Ontario’s Community Literacy Agencies : Great Places to Learn!
Ontario’s Community literacy agencies are truly “shining across Ontario”. They are busy, successful places that effectively deliver literacy and basic skills training to a large number of people in communities large and small across this province.
The Ontario Ministry of Training, Colleges and Universities (MTCU) provides funding for 105 Anglophone community literacy agencies in Ontario. These agencies help adult learners improve their literacy and numeracy skills in learner-centred, community-based settings. They offer quality training that addresses individual needs. Programming occurs in a wide variety of locations, including literacy offices, community centres and libraries. In 2005/2006, community literacy agencies delivered training to almost 16,000 adult students.
Students in community literacy agencies improve their literacy skills in a number of ways, but the two most popular types of learning are one-to-one tutoring (offered by 92% of agencies) and small group instruction (offered by 90% of agencies). Instruction is offered by paid staff and trained volunteers.
Ontario’s community literacy agencies are extremely resourceful. In addition to core funding received from MTCU, community literacy agencies usually receive additional funding support from such sources as community fundraising, donations from local business, corporations and individuals, fee for service initiatives (for example plain language editing), the Trillium foundation, the United Way or other community foundations, and funding from other provincial and federal government sources.
Ontario’s community literacy agencies receive training, access to resources, networking opportunities and other services from Community Literacy of Ontario, their regional literacy networks and the Ontario Literacy Coalition. Agencies that are Laubach-affiliated are also supported by Laubach Literacy Ontario.
Community literacy agencies are usually self-governing organizations that are overseen by a local volunteer board of directors. However, some operate under a multi-service agency or library. What agencies all have in common is that they are great places to learn!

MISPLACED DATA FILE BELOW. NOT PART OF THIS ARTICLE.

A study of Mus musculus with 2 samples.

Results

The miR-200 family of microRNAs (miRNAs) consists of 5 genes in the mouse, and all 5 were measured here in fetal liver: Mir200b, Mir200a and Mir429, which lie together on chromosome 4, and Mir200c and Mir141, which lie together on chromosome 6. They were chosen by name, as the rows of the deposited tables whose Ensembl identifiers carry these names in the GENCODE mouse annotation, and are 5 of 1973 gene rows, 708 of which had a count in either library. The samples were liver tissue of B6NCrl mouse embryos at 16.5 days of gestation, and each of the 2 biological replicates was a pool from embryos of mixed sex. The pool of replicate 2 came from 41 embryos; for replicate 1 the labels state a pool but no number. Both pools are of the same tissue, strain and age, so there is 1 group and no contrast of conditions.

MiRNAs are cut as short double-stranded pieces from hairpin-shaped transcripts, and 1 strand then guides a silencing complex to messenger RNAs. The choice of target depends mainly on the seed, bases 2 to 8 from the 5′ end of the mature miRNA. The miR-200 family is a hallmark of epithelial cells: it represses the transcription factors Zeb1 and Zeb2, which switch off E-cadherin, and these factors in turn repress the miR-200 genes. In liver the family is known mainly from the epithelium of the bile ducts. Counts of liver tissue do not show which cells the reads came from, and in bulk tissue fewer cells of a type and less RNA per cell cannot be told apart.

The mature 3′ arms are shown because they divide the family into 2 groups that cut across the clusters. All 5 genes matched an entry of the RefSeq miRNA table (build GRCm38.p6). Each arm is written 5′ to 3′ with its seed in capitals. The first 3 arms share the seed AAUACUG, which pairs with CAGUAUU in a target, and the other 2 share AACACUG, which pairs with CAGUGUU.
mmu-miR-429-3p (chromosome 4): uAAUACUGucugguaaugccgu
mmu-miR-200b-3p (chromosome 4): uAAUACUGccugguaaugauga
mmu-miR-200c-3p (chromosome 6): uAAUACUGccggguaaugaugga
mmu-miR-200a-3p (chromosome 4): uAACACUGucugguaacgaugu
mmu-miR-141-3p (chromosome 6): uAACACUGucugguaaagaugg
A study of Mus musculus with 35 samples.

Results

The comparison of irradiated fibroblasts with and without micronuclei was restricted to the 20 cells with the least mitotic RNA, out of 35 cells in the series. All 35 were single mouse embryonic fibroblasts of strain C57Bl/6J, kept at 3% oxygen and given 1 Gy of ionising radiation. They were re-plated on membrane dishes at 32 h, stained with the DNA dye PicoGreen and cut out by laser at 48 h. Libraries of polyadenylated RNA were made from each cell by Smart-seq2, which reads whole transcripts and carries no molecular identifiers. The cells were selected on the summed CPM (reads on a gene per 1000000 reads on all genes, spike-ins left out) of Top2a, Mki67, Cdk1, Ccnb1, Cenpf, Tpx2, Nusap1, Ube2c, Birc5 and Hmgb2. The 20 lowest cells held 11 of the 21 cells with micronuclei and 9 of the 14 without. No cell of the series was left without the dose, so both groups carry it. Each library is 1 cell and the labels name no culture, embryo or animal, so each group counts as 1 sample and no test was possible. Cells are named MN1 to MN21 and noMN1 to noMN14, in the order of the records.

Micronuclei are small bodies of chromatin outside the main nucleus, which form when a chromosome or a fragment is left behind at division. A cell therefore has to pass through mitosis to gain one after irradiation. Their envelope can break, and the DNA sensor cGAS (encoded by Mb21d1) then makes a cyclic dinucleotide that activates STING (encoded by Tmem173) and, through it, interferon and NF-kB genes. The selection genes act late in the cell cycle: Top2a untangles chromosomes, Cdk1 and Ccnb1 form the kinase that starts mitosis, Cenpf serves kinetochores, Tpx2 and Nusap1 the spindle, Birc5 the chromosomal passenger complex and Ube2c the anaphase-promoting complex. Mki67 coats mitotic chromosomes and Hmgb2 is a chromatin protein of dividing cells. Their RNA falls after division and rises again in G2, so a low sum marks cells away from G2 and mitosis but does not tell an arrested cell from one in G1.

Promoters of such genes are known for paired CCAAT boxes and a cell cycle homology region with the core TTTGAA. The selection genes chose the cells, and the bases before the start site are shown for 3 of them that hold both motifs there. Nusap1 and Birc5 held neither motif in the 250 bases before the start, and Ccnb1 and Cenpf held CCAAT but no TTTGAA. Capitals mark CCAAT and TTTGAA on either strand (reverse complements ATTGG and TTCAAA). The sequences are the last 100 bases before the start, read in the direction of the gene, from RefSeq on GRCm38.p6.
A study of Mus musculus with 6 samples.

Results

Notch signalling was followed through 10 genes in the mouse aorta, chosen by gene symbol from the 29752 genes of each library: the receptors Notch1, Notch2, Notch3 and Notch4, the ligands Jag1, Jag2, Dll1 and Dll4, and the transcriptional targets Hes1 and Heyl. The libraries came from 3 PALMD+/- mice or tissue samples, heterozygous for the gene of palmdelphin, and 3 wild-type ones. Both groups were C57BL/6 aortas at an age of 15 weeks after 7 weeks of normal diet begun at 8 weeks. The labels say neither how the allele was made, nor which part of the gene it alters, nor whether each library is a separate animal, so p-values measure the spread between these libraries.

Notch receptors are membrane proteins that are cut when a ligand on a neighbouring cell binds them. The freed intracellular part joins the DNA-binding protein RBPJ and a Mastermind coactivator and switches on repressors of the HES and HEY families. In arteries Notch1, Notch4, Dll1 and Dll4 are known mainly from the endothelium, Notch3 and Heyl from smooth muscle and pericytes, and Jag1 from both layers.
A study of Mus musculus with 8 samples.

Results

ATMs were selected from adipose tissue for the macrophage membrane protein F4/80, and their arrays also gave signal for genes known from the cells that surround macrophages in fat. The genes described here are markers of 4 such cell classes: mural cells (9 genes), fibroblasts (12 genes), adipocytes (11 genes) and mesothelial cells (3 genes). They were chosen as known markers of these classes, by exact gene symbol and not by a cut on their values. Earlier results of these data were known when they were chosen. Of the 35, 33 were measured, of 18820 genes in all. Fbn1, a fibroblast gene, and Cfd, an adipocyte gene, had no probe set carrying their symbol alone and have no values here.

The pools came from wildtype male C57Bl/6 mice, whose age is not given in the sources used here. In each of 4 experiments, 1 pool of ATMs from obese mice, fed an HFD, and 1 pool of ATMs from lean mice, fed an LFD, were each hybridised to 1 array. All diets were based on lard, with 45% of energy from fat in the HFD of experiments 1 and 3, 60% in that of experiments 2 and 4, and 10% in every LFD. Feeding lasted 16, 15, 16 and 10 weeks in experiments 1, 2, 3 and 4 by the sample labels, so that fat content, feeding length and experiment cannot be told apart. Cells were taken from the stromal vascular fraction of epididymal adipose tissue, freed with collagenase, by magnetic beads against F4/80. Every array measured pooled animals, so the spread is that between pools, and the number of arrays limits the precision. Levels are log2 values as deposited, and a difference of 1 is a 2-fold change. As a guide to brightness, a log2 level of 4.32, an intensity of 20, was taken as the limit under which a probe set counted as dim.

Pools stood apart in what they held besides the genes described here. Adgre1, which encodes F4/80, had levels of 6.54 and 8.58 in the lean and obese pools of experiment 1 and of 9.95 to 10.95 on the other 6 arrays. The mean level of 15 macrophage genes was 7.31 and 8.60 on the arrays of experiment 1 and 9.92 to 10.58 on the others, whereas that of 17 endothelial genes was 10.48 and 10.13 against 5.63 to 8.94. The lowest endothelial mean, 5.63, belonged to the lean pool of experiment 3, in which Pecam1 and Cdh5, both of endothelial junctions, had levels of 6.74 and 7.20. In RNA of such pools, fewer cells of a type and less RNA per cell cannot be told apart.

Community literacy agencies strive to meet the needs of adult learners in a quality, non-threatening and supportive environment. Agencies recognize that lower level students often progress at a slower pace and may need more support and that individual tutoring or small groups can meet their needs.
Agencies use methods, curriculum, materials and program models that respond to the needs of individual adult students. Also key to community-based literacy instruction is a flexible and participatory approach. Learner needs are considered at every step and learners are meaningfully involved in agency operations. Different levels of instruction are offered and a variety of instructional strategies are used. Self-esteem and self-confidence are recognized as being integral to student success and agencies value all student goals equally: independence, employment and further training.
Flexible and Innovative Programming
Community literacy agencies recognize that adult learners have unique needs and challenges. In response, programs adapt to meet the varied economic and societal pressures faced by adult students. Instruction is offered free-of-charge, intake is usually continuous and program timing is flexible to meet the needs and commitments of adults with outside obligations. Employment, childcare and transportation issues are taken into consideration when planning a learner’s individual program.
Agencies offer more than just reading and writing instruction; they may also explore life skills, health issues, budgeting, family literacy and employment.
Programming is offered using a variety of approaches including individualized and small group instruction, computer-based learning or a combination of various methods. The learning environment is friendly, relaxed and non-threatening. The opportunity to pursue their goals in an informal atmosphere is very appealing to adult learners.
“Face” of Literacy
Community literacy agencies are very active in their communities and help raise the profile of literacy. The various initiatives that they undertake, such as open houses, mall promotions and booths at community events increase public awareness of literacy and programming options. For example, 90% of agencies give presentations, 87% attend community events and 77% hold promotional events. Many agencies also receive support through community and corporate donations.
Based in the Community
Community literacy agencies are closely linked to their communities. As a result, agencies have an excellent awareness of local literacy needs and challenges. Networking within the community results in strong support and referral networks. Partnerships are also important. In fact, 90% of community literacy agencies partner with other local organizations, 77% partner with Ontario Works, 50% partner with community service clubs and 45% partner with local employers.